Monthly Archives: September 2010
I read an article in the Telegraph today by the chaps who wrote the delightful Yes Minister and Yes Prime Minister tv series. One part of the article – Yes Minister Sir Humphrey has all the solutions - struck me as being highly relevant to the topic of opening up the enterprise to customers. Here it is:
“From: Sir Humphrey Appleby
To: Bernard Woolley
I understand your anxiety about the new government’s fixation on ”transparency’’, but you are distressing yourself unnecessarily. It afflicts all incoming administrations. It used to be called ”open government’’, and reflects the frustrations they felt when they were in opposition and could not find out what was going on, combined with an eagerness to discover and publicise the deception, distortions and disasters of their predecessors.
But it does not last beyond the first few months. As time passes they realise they have more to lose than to gain from public knowledge of what they are up to. Each month increases their tally of catastrophic misjudgments, pathetic deceptions, humiliating retreats and squalid compromises. They very soon come to understand that sound and effective government is only possible if people do not know what you are doing. The Freedom of Information Act was the greatest blow to firm and decisive administration since the execution of King Charles I. Quite soon our new masters will realise that secrecy may be the enemy of democracy, but it is the foundation of government.”
From the customer perspective transparency is great, for organisational leaders it does not look that attractive. We all want to look good and avoid looking bad.
Any and every person involved in organisational life can benefit from reading this book. It is a must read for anyone who is a change agent. Everyone working on getting a better alignment between the customer and the organisation will benefit from reading and applying the insights of the book.
The book is written by Barry Oshry and it is called “Seeing Systems: unlocking the mysteries of organizatonal life“.
If all the people working on / impacted by Customer initiatives – Strategy, Insight, Experience, Engagement, CRM – read and applied the insights then I am confident that their organisation can save a lot to money, time, effort and heartache.
Incidentally Barry also has a blog: The Seeing Systems Blog
I read an article on how power leads us to dehumanise others and wondered is it as simple as that:
- Is that why large organisations can come across as being scornful of their customers?
- Does that explain the phenomenon of organisations becoming more and more disconnected and less and less respectful of their customers as they succeed and become established in the market place?
- Does that explain why monopoly suppliers act as they do?
You can read the article here.
Incidentally, an infamous experiment was carried out by Zimbardo and his colleagues at Standford University – The Standford Prison Experiment – which suggested pretty much the same thing. You can find that here.
Many large organisations have been soaked by the waves of CRM and Customer Experience. Money has been spent on CRM software, teams have been set up to change processes, call centres have been outsourced or brought back in-house, CRM teams have been set up and some organisations even have Directors and VP’s of Customer Experience.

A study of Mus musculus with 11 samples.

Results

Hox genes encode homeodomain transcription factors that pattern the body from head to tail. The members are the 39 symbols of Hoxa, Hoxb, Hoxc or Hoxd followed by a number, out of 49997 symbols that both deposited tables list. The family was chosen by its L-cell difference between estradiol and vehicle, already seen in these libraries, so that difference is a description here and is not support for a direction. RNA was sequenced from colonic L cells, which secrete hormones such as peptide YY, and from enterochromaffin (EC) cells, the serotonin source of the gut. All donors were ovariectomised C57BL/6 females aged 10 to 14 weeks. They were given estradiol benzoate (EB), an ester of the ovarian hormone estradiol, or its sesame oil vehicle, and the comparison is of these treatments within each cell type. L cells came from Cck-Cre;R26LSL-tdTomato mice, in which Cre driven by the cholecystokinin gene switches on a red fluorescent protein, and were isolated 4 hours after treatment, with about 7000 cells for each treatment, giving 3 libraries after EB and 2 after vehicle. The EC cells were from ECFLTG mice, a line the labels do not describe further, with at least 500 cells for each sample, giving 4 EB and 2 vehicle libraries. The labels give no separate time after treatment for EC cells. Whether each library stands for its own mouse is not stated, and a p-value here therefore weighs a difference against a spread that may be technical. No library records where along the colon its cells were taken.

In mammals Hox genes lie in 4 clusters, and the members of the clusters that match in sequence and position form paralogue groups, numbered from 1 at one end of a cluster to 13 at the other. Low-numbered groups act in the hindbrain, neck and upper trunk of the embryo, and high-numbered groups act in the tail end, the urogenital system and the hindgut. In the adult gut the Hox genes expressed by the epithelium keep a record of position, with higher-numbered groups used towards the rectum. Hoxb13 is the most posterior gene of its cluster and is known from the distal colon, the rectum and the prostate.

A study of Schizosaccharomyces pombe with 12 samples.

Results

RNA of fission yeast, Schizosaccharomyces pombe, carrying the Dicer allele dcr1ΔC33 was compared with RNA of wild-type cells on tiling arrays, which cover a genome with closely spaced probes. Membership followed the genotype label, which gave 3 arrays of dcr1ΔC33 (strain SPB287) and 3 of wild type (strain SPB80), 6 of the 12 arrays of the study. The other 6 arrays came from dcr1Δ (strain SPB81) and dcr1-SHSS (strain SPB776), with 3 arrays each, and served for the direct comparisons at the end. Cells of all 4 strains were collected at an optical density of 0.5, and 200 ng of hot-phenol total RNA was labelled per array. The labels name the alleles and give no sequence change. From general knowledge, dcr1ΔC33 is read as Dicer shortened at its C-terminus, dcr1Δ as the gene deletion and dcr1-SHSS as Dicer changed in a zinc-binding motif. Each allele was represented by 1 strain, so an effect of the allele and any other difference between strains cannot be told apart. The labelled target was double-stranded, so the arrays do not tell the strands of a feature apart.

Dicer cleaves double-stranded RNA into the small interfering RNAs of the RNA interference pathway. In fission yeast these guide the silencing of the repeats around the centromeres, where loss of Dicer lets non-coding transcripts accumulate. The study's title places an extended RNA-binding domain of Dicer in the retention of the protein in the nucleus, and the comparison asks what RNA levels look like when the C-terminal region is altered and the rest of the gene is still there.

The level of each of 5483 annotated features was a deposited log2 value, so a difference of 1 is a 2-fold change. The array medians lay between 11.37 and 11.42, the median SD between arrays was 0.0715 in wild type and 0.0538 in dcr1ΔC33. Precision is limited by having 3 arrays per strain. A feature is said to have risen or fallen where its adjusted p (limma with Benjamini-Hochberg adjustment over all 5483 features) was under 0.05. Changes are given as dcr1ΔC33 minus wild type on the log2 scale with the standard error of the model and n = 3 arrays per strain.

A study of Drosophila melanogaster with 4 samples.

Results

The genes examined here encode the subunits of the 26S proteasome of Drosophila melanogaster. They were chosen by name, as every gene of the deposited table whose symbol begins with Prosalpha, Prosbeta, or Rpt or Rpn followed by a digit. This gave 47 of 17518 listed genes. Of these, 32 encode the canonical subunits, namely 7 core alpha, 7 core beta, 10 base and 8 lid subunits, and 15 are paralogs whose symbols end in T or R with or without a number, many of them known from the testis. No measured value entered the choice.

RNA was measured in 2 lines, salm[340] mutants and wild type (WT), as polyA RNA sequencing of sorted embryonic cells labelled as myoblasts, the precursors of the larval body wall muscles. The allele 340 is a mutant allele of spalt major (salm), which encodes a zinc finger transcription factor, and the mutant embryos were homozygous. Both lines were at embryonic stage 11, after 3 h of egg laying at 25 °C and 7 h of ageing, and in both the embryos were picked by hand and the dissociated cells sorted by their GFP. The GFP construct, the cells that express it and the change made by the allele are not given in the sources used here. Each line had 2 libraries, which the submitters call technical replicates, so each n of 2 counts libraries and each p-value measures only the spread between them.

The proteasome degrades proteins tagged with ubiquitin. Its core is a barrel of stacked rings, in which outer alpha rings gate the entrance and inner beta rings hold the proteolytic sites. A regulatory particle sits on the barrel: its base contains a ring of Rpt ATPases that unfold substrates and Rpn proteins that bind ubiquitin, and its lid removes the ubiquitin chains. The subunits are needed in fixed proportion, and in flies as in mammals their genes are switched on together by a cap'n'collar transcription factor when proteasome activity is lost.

Yet the divide between what customers expect and what they experience when interacting with large organisations continues to be a large – customers are not satisfied. Churn rates are high in industries where it is easy for customers to change supplier. And many CRM and Customer Experience team leaders are burnt out and/or have become cynical.
This got me thinking on why it is so hard for organisations to become customer centred. Then I thought about it differently: why do must CRM and Customer Experience teams struggle to make a significant impact on the quality of the experience that the customer receives? The answer is quite simple if we use a computer analogy.
The possibilities and limits of a computer system, in the final analysis, are set by the operating system; computers are simply pieces of metal or plastic without the operating system. That means that we cannot take a software application such as Microsoft Word and make it run on a UNIX operating system – they are simply incompatible. That is what is just so. Microsoft Word has been designed to work with the Microsoft family of operating systems e.g. XP, Vista, Windows 7.
Now the funny thing is that I have never come across an instance when someone has attempted to run Microsoft Word on a UNIX platform. Yet that happens all the time in the world of business. That is what many organisations are doing when they attempt to impose CRM and Customer Experience programmes into / onto the organisation.
Organisations also have an operating system that primarily consists of strategic objectives, executive mindset, culture (what we consider to be important, how we do things around here), organisational structure (typically functional), business processes and the technology infrastructure.
Many, if not most, organisations are running operating systems that are simply incompatible with CRM and Customer Experience programmes. These operating sytems are used to talking at the customer not listening to the customer; ‘changing/moulding’ the customer to meet the organisation’s needs not changing the organisation to meet the customer’s needs; treating all customers the same not treating different customers differently; focussing resource on conquesting new customers rather than doing the hard work of building sustainable relationships with existing customers and so forth.
Which is why most CRM and Customer Experience teams and initiatives struggle and many fail to deliver.